Having Poems by Heart

By Maxine Kumin on 3.30.09

I grew up in an era when in grade school we were urged to memorize Longfellow, Whittier, James Russell Lowell, even Poe, and the habit stayed with me for life. I can still call back about 30 lines of “The Vision of Sir Launfal” and can hear “the tintinabulation of the bells” whenever I want to. As I grew up I did this secretly, taking loved poems in by a sort of osmosis, absorbing the rhymed ones, which were easy to learn by heart as each rhymed word served as a prompt for its fellow.

Photo by Scream Phenix (Oliv.) on Flickr

A moody adolescent, I learned by heart several Millay love sonnets and a large patch of Housman’s mortality-obsessed “A Shropshire Lad.” Those were the years when I thought “What Lips My Lips Have Kissed” was the sexiest poem in the English language, and “With Rue My Heart is Laden” the saddest. Ever since, I’ve inflicted this practice on students, requiring them to memorize a poem a week and be prepared to recite it in class. Saying poems aloud is an integral part of the process of understanding, even falling in love with the poem. When they groan I tell them that by the end of the semester they will have solid poems in their memory bank to draw on in isolation when they are taken political prisoner. (Most of them look at me blankly; they cannot think of a single belief for which they would be willing to go to jail.) Still, I like to think that several stanzas of Auden’s “September 1, 1939” and Yeats’ “Lake Isle of Innisfree” are floating around in the heads of a few dozen ex-students and may just possibly migrate from there into other, younger ones.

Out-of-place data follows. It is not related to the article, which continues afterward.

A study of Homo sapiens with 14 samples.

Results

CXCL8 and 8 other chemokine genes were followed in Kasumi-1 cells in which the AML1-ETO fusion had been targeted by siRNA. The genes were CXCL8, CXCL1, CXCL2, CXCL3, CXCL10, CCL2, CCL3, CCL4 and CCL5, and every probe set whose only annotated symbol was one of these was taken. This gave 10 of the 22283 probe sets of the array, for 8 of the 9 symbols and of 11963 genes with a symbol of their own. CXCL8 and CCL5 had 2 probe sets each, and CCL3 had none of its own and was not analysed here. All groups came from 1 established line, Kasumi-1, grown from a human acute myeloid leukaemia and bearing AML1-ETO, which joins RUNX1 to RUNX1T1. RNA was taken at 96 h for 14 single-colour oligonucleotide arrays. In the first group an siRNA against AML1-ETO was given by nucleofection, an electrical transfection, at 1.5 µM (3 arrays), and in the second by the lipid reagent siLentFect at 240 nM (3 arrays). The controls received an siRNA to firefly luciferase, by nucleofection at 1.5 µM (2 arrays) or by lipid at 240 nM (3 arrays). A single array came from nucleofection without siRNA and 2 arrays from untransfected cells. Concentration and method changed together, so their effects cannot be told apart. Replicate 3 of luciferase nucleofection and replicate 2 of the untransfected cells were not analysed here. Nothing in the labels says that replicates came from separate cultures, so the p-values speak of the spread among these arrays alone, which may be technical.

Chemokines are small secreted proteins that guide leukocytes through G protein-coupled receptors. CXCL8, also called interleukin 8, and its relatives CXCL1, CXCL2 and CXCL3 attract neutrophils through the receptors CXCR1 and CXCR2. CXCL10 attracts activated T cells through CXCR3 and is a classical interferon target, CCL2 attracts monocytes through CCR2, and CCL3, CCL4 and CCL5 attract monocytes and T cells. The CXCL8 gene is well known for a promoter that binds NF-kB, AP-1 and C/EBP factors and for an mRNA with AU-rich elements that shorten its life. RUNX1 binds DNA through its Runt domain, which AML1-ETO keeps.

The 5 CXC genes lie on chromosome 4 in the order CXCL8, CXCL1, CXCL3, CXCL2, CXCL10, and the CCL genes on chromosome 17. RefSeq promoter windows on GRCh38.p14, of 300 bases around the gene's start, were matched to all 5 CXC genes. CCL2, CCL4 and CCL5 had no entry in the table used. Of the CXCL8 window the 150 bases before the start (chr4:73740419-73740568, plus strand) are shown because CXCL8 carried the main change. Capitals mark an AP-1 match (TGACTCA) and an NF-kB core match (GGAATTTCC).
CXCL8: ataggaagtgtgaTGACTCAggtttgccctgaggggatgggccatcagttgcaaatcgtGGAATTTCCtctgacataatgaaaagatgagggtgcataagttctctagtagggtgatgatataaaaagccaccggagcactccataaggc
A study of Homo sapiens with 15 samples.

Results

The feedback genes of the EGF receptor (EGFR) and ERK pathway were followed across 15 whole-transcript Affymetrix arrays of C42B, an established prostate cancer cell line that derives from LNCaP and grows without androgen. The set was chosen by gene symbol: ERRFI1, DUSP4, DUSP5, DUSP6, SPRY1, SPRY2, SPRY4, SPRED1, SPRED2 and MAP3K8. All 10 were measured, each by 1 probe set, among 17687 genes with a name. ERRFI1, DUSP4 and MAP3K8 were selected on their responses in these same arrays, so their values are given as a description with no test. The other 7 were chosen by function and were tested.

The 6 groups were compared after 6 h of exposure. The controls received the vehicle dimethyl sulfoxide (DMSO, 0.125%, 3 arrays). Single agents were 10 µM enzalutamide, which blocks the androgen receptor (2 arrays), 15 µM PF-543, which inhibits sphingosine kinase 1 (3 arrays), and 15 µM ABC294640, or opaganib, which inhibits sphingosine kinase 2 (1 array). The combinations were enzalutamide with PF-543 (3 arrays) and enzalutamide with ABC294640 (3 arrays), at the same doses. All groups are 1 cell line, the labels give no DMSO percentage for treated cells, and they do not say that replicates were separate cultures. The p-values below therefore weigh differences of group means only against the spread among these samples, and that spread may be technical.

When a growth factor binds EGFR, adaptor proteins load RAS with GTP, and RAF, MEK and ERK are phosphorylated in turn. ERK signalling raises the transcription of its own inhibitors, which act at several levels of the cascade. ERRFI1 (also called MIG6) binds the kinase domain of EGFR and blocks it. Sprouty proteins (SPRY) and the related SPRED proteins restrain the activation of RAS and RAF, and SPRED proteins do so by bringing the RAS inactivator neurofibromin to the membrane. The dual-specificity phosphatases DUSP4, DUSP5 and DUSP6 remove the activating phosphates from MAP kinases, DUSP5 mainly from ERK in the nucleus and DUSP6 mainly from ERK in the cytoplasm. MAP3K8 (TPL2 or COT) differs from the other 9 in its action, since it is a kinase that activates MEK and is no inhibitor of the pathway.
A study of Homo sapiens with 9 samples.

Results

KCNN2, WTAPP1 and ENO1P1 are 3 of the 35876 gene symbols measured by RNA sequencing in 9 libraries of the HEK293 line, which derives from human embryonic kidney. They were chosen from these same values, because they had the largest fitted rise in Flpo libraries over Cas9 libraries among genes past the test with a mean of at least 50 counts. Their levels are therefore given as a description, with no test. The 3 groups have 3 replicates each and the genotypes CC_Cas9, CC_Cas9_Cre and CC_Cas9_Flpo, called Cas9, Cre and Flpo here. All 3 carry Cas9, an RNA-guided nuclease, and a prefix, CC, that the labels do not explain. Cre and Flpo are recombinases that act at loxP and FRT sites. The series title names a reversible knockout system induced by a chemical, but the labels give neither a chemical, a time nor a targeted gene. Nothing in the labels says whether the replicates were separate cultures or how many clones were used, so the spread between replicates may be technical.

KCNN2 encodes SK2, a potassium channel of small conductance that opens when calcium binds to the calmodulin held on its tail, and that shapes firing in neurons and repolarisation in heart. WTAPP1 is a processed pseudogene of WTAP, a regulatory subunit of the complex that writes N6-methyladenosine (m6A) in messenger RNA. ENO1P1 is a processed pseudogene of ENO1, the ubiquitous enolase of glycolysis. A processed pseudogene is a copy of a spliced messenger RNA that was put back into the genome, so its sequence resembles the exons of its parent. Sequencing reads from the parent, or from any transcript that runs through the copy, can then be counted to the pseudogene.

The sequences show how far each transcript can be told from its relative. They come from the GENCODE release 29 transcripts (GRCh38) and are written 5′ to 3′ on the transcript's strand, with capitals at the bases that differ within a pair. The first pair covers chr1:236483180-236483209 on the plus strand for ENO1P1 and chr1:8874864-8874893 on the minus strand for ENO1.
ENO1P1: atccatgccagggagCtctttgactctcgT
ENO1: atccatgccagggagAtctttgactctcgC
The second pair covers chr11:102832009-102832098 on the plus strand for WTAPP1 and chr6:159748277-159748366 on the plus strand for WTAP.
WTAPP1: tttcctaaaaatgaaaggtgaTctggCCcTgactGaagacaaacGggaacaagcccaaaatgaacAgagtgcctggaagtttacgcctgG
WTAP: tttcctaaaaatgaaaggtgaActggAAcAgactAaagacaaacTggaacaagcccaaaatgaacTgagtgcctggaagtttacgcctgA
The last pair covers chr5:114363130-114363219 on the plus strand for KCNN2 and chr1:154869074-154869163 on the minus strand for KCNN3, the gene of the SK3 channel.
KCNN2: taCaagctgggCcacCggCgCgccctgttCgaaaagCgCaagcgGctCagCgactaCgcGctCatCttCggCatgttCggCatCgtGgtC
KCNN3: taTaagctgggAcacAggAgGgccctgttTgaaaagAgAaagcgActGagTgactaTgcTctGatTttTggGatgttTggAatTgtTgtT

topics: Columnists


james stotts said on 4.01.09 at 1:32pm:

the first poem i ever learned by heart, or by any great exertion of the heart, was ‘the raven’—not a poem i care much for anymore, but i have a sense that if i hadn’t memorized it, i would still be mesmerized by it today. that is, how are we supposed to know which poems we love and can sustain us, unless we put them to that test by carrying them around with us and putting them against the important moments in our lives?: when we get taken political prisoners, or fall in or out of love, or on those constant housman mornings when we wake up not knowing if we want to wake up again…and again.

poetry is essentially the art of mnemonics, or art in the medium of mnemonics (making meaning out of memory), the mother of muse-ic.

Richard Motycka said on 4.02.09 at 3:32pm:

How unfortunate that “Shropshite Lad” typo, for there’s little shite in Housman, tho’ much in the other 19th century poems we were encouraged to have off by heart. So much of my memory stranded on those damned shores of Gitche Gumee.

The Editors said on 4.03.09 at 8:53am:

Richard, thanks for pointing out the unfortunate typo. Just corrected it. Apologies to Housman.